Tip of the Iceberg — Teachers in IL need Right to Work!

Kyle Olsen takes an in-depth look at union disclosure forms for the Illinois Teacher’s union and finds why the union bosses hate to disclose their spending orgy to union members.

The Illinois Education Association is reeling from a very bad 2009-2010 fiscal year, caused in no small part by the union’s exorbitant expenditures on parties, meetings and salaries, Education Action Group recently found.

In its annual LM-2 report, on file with the United States Department of Labor, the IEA reveals that it started the previous fiscal year with $2.6 million in net assets, and just 12 months later is in the hole by $11.8 million.

A number of factors apparently contributed to the union’s sudden financial plunge. It’s pension liability for its employees skyrocketed over the past year, from $8.2 million in 2009 to $26.6 million in 2010.

But the report also reveals that IEA officials spent freely on salaries and benefits for high-ranking staff members, as well as social events the union hosted in Chicago, San Diego and New Orleans.

An examination of the report reveals that 98 people on the union’s payroll made more than $100,000 last year in “gross salary disbursements and disbursements for official business.”  That list included 61 “Uniserv” directors, who are regional managers for the union.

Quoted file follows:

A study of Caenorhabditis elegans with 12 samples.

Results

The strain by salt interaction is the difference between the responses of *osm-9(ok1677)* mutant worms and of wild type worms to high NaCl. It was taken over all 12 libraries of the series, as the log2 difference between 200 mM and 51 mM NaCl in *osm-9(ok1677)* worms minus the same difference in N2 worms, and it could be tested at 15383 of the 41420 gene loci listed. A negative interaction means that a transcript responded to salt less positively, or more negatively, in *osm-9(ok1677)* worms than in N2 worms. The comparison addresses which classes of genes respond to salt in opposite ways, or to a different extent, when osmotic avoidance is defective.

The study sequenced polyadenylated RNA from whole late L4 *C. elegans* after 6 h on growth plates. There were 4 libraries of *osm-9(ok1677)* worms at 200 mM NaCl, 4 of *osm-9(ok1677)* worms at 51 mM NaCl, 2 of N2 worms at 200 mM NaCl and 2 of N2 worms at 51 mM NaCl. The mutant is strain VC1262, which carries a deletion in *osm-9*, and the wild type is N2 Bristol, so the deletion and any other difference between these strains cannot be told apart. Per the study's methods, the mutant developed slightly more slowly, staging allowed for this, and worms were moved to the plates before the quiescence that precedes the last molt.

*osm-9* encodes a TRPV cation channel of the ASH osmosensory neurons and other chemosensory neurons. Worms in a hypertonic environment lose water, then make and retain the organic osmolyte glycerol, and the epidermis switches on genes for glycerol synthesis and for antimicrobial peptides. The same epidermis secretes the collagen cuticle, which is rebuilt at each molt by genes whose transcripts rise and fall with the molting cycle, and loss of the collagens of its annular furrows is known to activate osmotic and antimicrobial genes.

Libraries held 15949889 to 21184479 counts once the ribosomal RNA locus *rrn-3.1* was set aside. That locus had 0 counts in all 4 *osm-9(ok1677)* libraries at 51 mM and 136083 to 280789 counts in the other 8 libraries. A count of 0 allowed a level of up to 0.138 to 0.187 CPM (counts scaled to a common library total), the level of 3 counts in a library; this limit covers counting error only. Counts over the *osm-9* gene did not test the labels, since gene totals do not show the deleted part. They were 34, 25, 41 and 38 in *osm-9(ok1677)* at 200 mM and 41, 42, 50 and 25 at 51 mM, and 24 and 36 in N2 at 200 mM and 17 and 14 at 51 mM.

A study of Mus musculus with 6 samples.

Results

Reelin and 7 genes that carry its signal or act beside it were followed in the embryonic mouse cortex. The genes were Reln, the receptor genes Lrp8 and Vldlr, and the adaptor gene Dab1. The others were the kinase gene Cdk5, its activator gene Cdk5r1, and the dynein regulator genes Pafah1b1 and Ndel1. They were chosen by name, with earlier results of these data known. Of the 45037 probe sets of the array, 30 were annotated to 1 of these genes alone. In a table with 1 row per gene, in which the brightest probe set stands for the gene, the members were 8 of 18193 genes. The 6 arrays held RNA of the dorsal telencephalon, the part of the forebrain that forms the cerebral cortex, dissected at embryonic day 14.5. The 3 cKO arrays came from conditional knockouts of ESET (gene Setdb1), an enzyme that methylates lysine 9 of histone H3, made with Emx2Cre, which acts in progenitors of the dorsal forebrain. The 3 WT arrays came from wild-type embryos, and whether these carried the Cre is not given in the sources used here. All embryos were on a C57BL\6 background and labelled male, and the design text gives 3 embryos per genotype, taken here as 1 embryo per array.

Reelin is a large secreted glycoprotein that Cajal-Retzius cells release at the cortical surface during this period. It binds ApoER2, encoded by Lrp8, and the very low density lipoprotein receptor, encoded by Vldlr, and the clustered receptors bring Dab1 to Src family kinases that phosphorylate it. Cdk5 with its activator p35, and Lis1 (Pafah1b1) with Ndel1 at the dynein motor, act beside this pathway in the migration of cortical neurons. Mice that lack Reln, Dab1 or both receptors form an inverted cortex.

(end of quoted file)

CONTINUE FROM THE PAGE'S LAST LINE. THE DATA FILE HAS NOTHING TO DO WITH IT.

And that’s just for starters. The IEA spent over $500,000 on hotels and meals during fiscal year 2009-2010.

Of all the IEA meetings listed on the report, its May 18, 2010 meeting at the Hyatt Regency O’Hare in Chicago must have been a doozy. During that session, the union dropped $168,278 on meals, lodging and other non-itemized transactions.

Just three months later, the IEA had another meeting at the Town and Country Resort in San Diego.  The union showed a little more restraint, spending only $92,020 during that conference.

On April 12, 2010 and again on June 28, 2010, the IEA hosted “Illinois Night” in a New Orleans bar, amassing a combined tab of $30,054.

The IEA also spent $902,924 on political activities and lobbying, some of which went to pay for its April 21, 2010 rally at the state capitol, where the union demanded higher taxes so the state could spend more on K-12 education.

Given the union’s big-spending ways, their spring rally at the state capitol makes sense.  More education funding would mean more school employees, and more employees would produce more union dues. Those dues would help refill the IEA’s severely depleted bank account.

The union is living large off its members.  If the average Illinois teacher knew how his or her union dues were being spent, they’d be disgusted.

This report shows that the Illinois Education Association is fiscally irresponsible.  Given their free-spending ways, it’s no wonder that union officials think public education is underfunded.